We have the best residents! Learn a little bit about each here. Residents welcome your questions about their experience with the program. Please be respectful of their busy schedules and send general program inquiries to the Program Director.
Amy Schepers, PT, DPT
Dr. Amy Schepers is from Grand Rapids, MI. After attending Calvin College for undergrad, she completed her DPT at Duke University in 2017. Amy worked in acute care treating neuro and general medicine patients before beginning the University of Utah’s Neurologic Physical Therapy Residency in the summer of 2019. Amy is currently certified in LSVT-BIG and has enjoyed mentoring physical therapy students during her first two years of practice. She was drawn to Utah’s residency because of the variety of neuro diagnoses receiving care at the U and the teaching assistant opportunities within the DPT program. She volunteers with adaptive sports/recreation through the University of Utah’s TRAILS.
Amy’s clinical interests include student clinical education, the multifactorial aspects of balance impairments in neuro populations, and translating research into everyday interventions. She hopes to explore these interests during her residency and in her post-residency career.
Lori Yokomizo, PT, DPT
Dr. Lori Yokomizo is originally from Northern California. She completed her Bachelors in Exercise Science at Cal State Long Beach and her Doctor of Physical Therapy at The University of Miami. After working for two years in inpatient brain injury rehabilitation and outpatient orthopaedics, she decided to further her education at The University of Utah’s Neurologic Physical Therapy Residency. She was attracted to Utah’s deep roster of seasoned and research-based clinicians as well as the wide variety of diagnoses that are treated at the University’s Hospital. One of Lori’s favorite aspects of the residency is being a teaching assistant for Utah’s DPT students in Neuromuscular Management labs.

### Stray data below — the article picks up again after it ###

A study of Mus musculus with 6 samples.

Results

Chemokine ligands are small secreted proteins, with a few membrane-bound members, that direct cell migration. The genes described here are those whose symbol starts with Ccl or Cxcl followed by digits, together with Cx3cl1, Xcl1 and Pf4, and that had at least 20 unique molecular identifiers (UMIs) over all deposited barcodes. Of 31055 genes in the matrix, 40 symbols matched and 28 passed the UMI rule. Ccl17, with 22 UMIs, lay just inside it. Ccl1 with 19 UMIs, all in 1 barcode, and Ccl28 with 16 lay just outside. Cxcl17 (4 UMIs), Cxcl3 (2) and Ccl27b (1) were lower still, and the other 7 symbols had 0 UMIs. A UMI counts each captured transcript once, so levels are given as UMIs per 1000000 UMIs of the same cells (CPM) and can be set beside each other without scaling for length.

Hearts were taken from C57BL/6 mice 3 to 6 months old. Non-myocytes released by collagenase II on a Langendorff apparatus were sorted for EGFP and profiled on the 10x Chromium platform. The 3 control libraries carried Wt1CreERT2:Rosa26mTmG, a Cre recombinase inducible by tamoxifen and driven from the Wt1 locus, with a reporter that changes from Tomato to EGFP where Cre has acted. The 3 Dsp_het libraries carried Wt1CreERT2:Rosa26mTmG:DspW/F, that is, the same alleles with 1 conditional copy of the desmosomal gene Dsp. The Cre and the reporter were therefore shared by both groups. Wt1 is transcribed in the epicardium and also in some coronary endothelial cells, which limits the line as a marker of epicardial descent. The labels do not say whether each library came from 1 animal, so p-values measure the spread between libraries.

Lori places a strong emphasis on research inside and outside of the clinic. She has assisted in data collection and writing of a manuscript regarding the contribution of the vestibular system in people with unilateral lower limb loss, which has been submitted for journal review. In addition to research, Lori loves to volunteer in adaptive sports and community outreach events.
Lori’s special interests include the integration of physical interventions and behavioral management in the brain injury population as well as incorporating evidence-based practice into her daily treatment sessions. She is excited to continue teaching DPT students during her residency and would love to pursue academia as a long term career goal.